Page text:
Objective: This study was undertaken to investigate thiol metabolism as a marker of oxidative stress and antioxidative defence capacity in a cohort of children with biochemically and/or genetically confirmed mitochondrial disease. Previous studies suggest that lower glutathione levels, which have been shown to further compromise mitochondrial function, may occur in these diseases. Better understanding of the pathogenesis of mitochondrial diseases is important in order to improve their treatment.
Methods: We studied plasma and erythrocyte glutathione and cysteine levels, the activities of erythrocyte glutathione peroxidase (GPx), glutathione reductase (GR), glucose 6-phosphate dehydrogenase G6PDH) and glutathione S-transferase (GST), as well as the levels of erythrocyte thiobarbituric acid-reactive species (TBA-RS) and protein carbonyls in 10 children with a biochemical and/or genetic diagnosis of mitochondrial disease and six controls.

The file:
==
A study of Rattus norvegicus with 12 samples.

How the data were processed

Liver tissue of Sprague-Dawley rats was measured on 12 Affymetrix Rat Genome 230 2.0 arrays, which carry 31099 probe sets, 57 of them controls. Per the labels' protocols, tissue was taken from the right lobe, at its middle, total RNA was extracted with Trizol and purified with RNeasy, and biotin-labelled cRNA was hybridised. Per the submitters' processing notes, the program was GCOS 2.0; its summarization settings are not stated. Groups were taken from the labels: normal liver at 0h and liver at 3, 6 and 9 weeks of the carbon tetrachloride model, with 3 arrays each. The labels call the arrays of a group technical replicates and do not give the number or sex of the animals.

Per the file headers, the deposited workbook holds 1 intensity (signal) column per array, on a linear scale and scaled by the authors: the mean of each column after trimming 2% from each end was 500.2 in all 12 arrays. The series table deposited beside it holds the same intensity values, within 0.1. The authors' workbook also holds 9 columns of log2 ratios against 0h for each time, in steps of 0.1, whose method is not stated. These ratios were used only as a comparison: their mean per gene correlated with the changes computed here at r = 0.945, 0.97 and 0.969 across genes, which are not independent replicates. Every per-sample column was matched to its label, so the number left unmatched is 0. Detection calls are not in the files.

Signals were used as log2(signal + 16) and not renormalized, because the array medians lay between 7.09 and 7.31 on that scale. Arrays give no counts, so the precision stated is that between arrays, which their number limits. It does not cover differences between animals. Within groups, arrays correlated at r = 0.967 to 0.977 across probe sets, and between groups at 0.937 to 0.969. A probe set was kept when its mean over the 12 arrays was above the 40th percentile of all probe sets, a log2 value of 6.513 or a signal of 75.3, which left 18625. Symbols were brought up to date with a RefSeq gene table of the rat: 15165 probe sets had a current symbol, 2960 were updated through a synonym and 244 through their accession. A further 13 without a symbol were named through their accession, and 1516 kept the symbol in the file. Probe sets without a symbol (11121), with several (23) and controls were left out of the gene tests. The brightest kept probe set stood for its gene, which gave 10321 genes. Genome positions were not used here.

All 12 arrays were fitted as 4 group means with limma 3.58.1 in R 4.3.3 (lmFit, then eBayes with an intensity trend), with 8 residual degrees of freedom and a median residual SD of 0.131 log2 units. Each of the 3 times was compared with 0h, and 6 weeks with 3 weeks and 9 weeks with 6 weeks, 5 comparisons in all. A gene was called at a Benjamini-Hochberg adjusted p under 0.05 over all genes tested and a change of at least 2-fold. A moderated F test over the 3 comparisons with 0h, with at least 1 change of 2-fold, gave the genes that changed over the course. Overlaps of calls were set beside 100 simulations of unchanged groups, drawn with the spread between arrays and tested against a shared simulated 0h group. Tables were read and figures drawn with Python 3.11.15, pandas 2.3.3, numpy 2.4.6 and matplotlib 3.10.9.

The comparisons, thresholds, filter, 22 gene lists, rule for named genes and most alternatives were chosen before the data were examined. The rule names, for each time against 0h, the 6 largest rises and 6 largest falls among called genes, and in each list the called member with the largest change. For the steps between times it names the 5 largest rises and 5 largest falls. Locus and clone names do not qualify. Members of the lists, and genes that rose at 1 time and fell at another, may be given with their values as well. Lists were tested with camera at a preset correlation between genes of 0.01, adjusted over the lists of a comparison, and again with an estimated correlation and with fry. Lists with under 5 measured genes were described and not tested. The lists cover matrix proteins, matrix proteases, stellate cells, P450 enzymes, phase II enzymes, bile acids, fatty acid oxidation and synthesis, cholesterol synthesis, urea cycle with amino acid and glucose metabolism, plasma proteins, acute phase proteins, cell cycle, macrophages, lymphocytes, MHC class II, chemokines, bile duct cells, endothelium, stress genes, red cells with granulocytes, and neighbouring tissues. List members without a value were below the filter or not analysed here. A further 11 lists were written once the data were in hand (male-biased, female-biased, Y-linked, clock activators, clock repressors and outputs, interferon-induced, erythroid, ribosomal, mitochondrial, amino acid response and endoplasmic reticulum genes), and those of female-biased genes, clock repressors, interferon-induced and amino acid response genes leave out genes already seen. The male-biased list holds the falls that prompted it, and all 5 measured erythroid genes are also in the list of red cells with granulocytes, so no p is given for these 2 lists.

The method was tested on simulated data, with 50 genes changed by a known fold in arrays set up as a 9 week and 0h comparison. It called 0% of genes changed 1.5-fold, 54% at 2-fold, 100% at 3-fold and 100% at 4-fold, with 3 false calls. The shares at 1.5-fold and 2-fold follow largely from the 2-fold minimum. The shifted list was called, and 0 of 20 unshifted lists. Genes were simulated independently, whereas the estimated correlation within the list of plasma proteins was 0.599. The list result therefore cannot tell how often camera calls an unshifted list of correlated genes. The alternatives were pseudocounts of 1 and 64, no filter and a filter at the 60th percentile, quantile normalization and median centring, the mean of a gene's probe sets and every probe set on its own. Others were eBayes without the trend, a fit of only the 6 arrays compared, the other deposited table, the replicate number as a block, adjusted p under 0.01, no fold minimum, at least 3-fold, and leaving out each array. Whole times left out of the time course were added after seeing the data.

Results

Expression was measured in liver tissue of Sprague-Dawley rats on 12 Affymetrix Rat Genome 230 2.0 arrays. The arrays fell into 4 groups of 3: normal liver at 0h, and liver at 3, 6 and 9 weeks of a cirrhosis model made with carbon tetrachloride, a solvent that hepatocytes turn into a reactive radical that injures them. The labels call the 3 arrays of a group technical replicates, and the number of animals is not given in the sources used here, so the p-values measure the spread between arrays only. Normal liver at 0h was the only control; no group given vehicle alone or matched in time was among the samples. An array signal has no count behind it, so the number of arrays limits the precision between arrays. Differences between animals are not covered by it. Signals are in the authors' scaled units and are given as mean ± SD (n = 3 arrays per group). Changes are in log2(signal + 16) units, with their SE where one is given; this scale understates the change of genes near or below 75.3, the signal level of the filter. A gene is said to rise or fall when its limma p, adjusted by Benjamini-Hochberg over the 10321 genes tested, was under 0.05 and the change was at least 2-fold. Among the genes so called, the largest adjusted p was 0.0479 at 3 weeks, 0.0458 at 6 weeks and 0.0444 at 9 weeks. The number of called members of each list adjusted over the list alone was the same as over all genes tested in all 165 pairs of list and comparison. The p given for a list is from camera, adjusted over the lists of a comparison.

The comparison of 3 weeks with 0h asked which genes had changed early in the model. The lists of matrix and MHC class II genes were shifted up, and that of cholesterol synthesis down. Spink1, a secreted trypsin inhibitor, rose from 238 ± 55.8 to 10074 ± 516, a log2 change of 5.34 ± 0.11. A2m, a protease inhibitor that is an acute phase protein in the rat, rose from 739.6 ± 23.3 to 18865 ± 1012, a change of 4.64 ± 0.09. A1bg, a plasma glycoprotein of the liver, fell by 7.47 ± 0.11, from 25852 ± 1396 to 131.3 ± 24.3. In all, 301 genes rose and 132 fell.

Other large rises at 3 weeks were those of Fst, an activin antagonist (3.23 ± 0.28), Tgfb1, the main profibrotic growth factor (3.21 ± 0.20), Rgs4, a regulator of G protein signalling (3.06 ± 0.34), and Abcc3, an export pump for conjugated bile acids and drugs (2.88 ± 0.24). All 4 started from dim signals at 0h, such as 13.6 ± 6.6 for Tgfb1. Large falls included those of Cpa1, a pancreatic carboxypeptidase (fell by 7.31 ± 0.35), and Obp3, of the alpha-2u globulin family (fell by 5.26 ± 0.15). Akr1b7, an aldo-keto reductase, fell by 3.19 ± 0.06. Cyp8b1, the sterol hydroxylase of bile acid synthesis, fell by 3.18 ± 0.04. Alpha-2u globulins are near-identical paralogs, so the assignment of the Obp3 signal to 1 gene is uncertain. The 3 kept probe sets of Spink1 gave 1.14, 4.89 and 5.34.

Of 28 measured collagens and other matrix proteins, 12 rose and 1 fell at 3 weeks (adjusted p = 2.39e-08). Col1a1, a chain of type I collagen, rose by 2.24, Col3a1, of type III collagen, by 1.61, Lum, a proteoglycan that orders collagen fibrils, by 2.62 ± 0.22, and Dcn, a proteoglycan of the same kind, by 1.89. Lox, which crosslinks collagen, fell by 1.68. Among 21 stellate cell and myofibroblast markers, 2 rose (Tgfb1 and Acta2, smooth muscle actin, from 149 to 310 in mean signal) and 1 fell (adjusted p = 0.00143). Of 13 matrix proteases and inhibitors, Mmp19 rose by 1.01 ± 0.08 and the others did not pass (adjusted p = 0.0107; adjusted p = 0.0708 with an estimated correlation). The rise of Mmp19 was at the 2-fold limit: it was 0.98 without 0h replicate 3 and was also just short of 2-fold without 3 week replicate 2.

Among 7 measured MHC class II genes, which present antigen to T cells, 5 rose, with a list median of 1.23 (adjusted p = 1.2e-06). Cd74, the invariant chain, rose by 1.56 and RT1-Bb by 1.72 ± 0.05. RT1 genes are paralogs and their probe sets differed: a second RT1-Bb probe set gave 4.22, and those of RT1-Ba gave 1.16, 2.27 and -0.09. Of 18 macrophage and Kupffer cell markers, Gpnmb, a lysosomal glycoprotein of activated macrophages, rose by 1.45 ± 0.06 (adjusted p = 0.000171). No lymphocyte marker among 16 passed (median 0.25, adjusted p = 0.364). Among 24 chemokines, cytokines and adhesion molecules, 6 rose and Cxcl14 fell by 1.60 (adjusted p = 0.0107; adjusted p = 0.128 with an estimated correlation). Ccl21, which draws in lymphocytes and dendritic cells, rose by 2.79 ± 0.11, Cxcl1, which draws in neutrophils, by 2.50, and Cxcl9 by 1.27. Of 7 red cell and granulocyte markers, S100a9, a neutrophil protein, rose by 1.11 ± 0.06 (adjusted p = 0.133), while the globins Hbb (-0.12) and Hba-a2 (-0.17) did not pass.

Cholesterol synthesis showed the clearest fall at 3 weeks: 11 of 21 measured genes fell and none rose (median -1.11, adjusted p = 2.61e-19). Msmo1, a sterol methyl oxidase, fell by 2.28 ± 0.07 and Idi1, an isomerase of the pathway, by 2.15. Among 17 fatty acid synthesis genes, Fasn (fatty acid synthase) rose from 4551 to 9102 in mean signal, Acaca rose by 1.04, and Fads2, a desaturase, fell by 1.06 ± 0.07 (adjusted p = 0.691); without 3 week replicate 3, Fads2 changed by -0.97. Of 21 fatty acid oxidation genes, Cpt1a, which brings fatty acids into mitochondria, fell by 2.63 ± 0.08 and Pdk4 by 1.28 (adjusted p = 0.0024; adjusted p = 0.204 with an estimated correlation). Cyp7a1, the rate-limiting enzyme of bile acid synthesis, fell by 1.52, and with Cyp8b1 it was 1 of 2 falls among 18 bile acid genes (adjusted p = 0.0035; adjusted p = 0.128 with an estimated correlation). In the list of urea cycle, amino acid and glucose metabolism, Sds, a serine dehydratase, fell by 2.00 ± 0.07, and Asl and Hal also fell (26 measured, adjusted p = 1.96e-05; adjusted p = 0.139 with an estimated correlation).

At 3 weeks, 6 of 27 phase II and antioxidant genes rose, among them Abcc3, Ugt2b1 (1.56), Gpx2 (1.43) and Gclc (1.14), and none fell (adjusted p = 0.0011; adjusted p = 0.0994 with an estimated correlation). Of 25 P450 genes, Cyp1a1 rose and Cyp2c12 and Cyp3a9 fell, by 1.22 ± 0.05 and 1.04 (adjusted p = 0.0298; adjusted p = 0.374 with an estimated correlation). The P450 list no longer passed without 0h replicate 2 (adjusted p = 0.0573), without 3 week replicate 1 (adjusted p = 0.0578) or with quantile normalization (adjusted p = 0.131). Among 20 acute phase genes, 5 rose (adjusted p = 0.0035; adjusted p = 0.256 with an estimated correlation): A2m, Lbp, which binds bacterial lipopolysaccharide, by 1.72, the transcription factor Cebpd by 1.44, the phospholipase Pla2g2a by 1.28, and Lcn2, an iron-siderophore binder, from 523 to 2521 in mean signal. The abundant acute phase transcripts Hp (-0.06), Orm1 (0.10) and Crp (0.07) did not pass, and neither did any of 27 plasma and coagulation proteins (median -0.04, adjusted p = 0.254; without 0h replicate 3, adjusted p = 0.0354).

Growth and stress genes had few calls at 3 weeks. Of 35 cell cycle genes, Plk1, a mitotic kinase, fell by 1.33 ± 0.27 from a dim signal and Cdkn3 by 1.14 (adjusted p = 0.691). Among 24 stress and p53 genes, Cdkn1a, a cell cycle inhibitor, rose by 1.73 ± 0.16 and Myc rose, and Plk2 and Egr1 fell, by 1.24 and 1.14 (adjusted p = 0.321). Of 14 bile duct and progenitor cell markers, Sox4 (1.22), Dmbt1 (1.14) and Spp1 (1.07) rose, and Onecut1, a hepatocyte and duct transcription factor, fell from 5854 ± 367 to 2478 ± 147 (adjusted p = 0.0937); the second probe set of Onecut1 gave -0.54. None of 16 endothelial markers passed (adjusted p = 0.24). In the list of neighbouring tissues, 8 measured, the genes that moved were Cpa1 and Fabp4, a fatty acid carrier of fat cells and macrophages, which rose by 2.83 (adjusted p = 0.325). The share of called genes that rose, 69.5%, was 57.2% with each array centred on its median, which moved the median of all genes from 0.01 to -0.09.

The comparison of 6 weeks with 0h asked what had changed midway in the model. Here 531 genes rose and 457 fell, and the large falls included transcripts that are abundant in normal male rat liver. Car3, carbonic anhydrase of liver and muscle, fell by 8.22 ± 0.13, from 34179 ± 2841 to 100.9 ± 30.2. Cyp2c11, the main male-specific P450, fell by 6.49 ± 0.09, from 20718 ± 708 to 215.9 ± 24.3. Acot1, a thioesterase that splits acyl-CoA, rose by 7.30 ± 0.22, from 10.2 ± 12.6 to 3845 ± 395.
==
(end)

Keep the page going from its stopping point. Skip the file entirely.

Results: Levels of reduced cysteine (CYSH) as well as reduced to oxidised cysteine ratio were lower in plasma of patients with mitochondrial diseases (p = 0.008 and p = 0.02, respectively). Plasma levels of reduced glutathione (GSH) were low in patients with mitochondrial diseases, mostly below the detection limit. We did not detect significant differences in erythrocyte thiols or glutathione-related enzyme activities.
Conclusion: Plasma thiols and their redox state are altered in patients with mitochondrial diseases, suggesting an increase in oxidative stress and depletion of antioxidant supplies. If confirmed in further studies, this relative thiol deficiency could be an important factor in the pathophysiology of mitochondrial diseases.